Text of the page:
Health + Behavior

Scientists reverse a sensory impairment in mice with autism

Genetic technique is a step toward strategy to help people with autism better process visual cues

UCLA

“We’re trying to identify early brain processes that will impact behaviors in children when they are older,” said Anubhuti Goel, a postdoctoral researcher in neurology at UCLA and first author of the study.

Using a genetic technique that allows certain neurons in the brain to be switched on or off, UCLA scientists reversed a sensory impairment in mice with symptoms of autism, enabling them to learn a sensory task as quickly as healthy mice.

The findings, which appear in the journal Nature Neuroscience, offer an intriguing glimpse of a potential strategy to help people with autism make sense of what their eyes see.

In humans, the ability to perceive visual information is critical to learning of all kinds, including the interpretation of social cues. In children with autism, avoiding eye contact and struggling to understand people’s feelings may be rooted in how their brains process visual information.

“The focus in autism has been trying to tackle social impairment. But if there is a deficit in learning due to being unable to process certain kinds of sensory input, it affects your development,” said Anubhuti Goel, a postdoctoral researcher in neurology at UCLA and the study’s first author. “We’re trying to identify early brain processes that will impact behaviors in children when they are older.”

For this experiment, Goel and colleagues at UCLA used mice with a similar mutation in the FMR1 gene as humans with fragile X syndrome, a genetic condition that is the most commonly inherited cause of autism in humans. Mice with the mutation share a number of autism symptoms with people with fragile X syndrome, including anxiety, reduced social interaction and an overreaction to sensory stimuli such as texture and sound.

The researchers trained mice on a visual discrimination task, where the goal for the mice was to lick a drop of water in response to a specific visual cue on a screen. A pattern of parallel, black-and-white lines slanting a certain way signified the presence of a water drop; slanted a different way, there was no water drop. If the mice took too long to decide, the water drop disappeared — vacuumed up by the scientists.

On average, normal control mice mastered the strategy for getting water in about three days, whereas the mice with autism typically required five to nine days.

By recording brain activity in the mice, researchers found that the visual cortex of the fragile X syndrome mice, or FXS mice, had fewer and less finely tuned neurons called pyramidal cells. These excitatory neurons — the “gas pedal” in the brain — found in rodents, monkeys and humans, are responsible for perceiving the orientation of visual information, for example, the angle of the lines in the experiment. In addition, researchers found reduced activity in parvalbumin neurons, which are inhibitory neurons — the “brake pedal” — that work in concert with pyramidal cells, kicking them into gear and “tuning” them to respond to specific, or more general, bits of visual information.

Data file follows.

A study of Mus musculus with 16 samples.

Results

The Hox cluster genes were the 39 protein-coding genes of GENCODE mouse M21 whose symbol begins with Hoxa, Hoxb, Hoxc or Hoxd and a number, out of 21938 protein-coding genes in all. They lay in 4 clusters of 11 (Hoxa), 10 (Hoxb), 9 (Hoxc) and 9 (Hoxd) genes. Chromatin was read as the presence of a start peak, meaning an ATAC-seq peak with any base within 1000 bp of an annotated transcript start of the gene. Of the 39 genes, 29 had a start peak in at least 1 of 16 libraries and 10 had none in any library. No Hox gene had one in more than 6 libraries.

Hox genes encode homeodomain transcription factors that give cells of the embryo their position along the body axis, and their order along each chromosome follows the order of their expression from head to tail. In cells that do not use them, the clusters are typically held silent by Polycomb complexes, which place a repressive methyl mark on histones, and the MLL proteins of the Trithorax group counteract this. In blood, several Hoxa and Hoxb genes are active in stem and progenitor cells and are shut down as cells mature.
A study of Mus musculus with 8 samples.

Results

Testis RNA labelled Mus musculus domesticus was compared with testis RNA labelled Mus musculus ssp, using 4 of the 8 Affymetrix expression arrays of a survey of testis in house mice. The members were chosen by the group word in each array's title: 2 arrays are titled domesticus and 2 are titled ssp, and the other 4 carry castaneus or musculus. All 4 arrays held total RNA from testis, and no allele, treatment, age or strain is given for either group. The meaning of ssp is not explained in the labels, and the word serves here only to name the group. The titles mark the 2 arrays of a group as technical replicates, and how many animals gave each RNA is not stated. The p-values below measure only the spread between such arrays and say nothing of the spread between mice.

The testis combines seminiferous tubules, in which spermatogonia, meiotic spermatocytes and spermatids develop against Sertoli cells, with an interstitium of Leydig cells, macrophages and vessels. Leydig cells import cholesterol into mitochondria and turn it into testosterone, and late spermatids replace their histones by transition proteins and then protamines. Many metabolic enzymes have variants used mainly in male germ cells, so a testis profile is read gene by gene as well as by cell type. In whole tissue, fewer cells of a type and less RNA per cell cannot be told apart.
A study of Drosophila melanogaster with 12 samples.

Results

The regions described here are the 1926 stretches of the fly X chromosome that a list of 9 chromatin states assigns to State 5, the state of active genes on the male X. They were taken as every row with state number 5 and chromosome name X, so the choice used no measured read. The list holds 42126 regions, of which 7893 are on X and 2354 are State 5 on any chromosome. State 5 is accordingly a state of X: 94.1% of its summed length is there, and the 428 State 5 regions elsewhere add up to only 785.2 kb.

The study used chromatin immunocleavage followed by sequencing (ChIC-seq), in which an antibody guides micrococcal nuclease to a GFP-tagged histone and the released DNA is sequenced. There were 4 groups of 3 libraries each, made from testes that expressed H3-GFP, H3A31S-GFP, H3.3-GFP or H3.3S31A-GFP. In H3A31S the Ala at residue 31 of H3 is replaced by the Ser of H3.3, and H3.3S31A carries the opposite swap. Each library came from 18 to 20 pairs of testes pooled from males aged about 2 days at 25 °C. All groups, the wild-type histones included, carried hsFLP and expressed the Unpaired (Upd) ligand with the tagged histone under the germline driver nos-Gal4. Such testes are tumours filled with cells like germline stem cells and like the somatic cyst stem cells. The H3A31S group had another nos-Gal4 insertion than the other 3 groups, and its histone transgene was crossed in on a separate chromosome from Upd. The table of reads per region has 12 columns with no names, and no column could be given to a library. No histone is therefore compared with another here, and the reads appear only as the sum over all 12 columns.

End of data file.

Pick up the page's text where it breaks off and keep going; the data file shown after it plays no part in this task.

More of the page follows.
The researchers wondered if they could prod those parvalbumin cells into working harder, which would in turn stimulate the pyramidal cells.

They targeted the parvalbumin cells with a genetic technique called DREADD, which stands for Designer Receptors Exclusively Activated by Designer Drugs. They injected the fragile X syndrome mice with a virus carrying the genes for these special designer receptors; once inside the mouse’s parvalbumin cells, the virus generates the DREADD receptors. Next, a drug administered intravenously reached those receptors and activated the parvalbumin cells.

Once the fragile X syndrome mice with the designer receptors received the drug, they could learn the visual discrimination task as quickly as their healthy counterparts did. The impact of the designer drug lasted for three to four hours.

“These experiments shed light on the brain circuit problems behind those difficulties in autism, and hint at directions we can pursue for treatment in the future,” Goel said.

Goel’s next step will be figuring out what happens in the visual discrimination task with sensory distractors, such as flashing lights or loud sounds. Many autistic children and adults are unable to tune out such distractors, which could contribute to poor performance in school and anxiety in social settings. Fragile X syndrome mice, too, have sensory over-reactivity, which could impede their learning.

The senior author of the study is Dr. Carlos Portera-Cailliau, a professor of neurology and neurobiology at UCLA. The other authors are Daniel Cantu, Gunvant Chaudhari, Aditi Newadkar, Barbara Todisco, Diego de Alba and Nazim Kourdougli, all of UCLA; and Janna Guilfoyle, Lauren Schmitt, Ernest Pedapati and Craig Erickson, all of University of Cincinnati College of Medicine.

The study was supported by grants from the U.S. Department of Defense, the John Merck Fund, the National Institutes of Health, the Fragile X Alliance of Ohio and the Cincinnati Children’s Hospital Research Foundation.

Learn more about the neuroscience research theme at UCLA.